Friday, January 13, 2012

Review: Promises to Keep by Jane Green

Jane Green's characters are growing up. Sure, some of them are still looking for love, but many of them are now older and settled and facing the curveballs that life throws us all. In this wonderful, affecting tale of women, families, and friendship, she tackles that most heartrending of all curveballs: terminal illness.

Callie is a sought after photographer, happily married to the love of her life, and the mother of two young children. She is also a breast cancer survivor on the brink of her five years cancer-free. Her younger sister Steffi is becoming a celebrated vegan chef in NYC. She is a bit of a free spirit who has no desire to settle down and who has an instant attraction to the bad boys of the world, musicians, artists, etc. Lila, Callie's college roommate, has become an honorary sister to the Tollemache girls. She's very different from the radiantly happy Callie and the go-with-the-flow Steffi but she is finally in a relationship that fulfills her and allows her to be herself, even if her boyfriend is not a Jewish doctor but a Protestant Brit with a nasty ex-wife.

Callie's husband Reece travels often for work but when he is home, he and Callie have an incredibly strong and loving marriage. They live a fairly typical suburban existence, enjoying their friends, supporting their kids, and going about the daily life of living. Steffi, meanwhile is starting to get restless with her rock musician boyfriend so she offers to dog sit for Mason while he and his family spend a year in London. She knows that her boyfriend loathes dogs so she also knows that she is ending their relationship with this choice. Luckily Mason has a country home sitting untenanted only a few towns from Callie's that Steffi can use. This affords her the opportunity to change her life entirely, quitting her job and finding out what she really wants out of life, which surprisingly appears to include a quiet country life. Lila is moving on and committing whole heartedly to Ed and their future although she must decide whether her objection to motherhood or his desire to have more children (he has a son with his ex) will win out.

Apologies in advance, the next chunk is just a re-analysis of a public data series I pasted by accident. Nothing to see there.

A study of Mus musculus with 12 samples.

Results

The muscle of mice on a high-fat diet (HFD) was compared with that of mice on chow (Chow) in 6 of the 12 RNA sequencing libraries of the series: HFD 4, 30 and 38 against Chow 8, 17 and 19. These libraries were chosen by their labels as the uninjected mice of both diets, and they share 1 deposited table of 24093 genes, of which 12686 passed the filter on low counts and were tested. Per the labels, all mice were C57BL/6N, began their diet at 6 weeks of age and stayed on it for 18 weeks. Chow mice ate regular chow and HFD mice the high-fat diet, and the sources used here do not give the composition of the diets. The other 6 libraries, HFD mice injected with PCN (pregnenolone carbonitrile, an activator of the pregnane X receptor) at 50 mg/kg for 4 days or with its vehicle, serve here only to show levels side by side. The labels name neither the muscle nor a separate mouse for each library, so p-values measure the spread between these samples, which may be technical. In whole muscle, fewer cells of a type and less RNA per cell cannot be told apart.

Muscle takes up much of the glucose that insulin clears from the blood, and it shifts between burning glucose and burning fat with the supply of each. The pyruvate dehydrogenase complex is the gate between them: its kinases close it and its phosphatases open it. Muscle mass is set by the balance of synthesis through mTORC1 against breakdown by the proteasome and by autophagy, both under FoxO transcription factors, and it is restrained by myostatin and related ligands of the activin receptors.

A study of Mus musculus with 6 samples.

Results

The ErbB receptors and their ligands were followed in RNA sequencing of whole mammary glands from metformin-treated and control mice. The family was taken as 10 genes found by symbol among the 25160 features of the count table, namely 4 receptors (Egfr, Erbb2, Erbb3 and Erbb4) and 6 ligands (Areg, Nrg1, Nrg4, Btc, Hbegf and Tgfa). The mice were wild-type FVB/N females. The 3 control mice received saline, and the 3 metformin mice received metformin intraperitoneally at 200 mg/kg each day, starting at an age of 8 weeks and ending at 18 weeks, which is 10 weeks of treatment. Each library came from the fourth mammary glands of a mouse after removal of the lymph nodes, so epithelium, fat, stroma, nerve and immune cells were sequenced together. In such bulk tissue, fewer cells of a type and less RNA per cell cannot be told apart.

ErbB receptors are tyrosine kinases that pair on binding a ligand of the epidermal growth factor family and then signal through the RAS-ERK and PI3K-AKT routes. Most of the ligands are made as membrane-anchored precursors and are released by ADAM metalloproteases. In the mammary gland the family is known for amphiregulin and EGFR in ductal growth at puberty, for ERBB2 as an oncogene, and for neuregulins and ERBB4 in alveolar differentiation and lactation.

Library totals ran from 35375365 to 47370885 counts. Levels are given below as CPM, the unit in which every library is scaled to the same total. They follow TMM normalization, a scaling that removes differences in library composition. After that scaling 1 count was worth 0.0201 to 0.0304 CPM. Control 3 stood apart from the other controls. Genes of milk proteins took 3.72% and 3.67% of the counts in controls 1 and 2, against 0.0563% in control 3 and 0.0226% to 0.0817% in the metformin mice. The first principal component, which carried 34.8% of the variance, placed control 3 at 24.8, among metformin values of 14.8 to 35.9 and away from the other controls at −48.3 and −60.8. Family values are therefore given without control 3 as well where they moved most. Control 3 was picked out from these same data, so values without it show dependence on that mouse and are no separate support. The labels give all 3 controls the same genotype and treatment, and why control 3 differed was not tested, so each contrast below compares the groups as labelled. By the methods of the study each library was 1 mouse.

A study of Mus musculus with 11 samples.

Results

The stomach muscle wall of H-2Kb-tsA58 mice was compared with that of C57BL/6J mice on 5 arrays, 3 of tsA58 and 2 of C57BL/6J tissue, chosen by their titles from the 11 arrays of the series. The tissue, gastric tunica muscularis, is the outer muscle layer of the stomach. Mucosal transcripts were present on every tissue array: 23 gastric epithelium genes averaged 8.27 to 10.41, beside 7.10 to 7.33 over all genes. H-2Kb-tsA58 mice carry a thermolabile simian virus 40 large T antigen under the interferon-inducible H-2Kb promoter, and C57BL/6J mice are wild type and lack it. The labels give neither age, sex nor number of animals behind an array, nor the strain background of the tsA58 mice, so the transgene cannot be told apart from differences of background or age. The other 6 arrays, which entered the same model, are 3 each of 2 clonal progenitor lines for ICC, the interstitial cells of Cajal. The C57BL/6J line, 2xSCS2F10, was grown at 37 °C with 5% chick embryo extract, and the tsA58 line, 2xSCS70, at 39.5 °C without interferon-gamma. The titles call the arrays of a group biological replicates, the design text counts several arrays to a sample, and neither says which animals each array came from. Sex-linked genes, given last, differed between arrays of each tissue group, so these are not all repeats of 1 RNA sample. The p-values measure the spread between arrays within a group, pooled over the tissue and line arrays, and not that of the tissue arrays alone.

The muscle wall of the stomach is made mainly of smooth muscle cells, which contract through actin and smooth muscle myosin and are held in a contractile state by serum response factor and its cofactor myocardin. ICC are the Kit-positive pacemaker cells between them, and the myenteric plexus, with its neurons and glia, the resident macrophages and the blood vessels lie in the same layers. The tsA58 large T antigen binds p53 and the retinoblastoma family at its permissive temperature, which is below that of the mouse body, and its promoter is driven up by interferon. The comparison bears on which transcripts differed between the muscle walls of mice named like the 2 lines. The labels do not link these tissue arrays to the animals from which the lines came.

As all of their lives are moving forward, Callie starts to suffer from an intense headache that will not go away ultimately ending up in the hospital. When she is diagnosed with a recurrence of her cancer, this time contracting the rare leptomeningeal carcinomatosis, her family and friends circle around her as she travels a road that only she can travel.

Green has created likable, charming characters with whom the reader can identify. Even her minor characters like Walter and Honor, Callie and Steffi's incredibly mismatched parents, are well-rounded and realistic. And she has captured the devastation a terminal diagnosis has on everyone in this poignant and yet ultimately celebratory novel. As one life winds down, other lives must by definition continue forward despite the grief and uncertainty of the future and Green has illustrated this beautifully in the swirl of characters around Callie. There is some unecessarily heavy-handed foreshadowing of Callie's fate in the beginning of the book with reiterations of how happy and blessed she is in her life but overall, the whole of the gentle and loving narrative make this a minor flaw. The recipes following each chapter, are quite appealing even if sometimes a bit forced to fit with the narrative.

A look at abiding love and the constancy of family, this novel will probably appeal most to fans of women's fiction. And those who read the author's note about her friend Heidi will appreciate what a lovely tribute this is to a dear friend's memory.

Thanks to the publisher for sending me a copy of this book for review.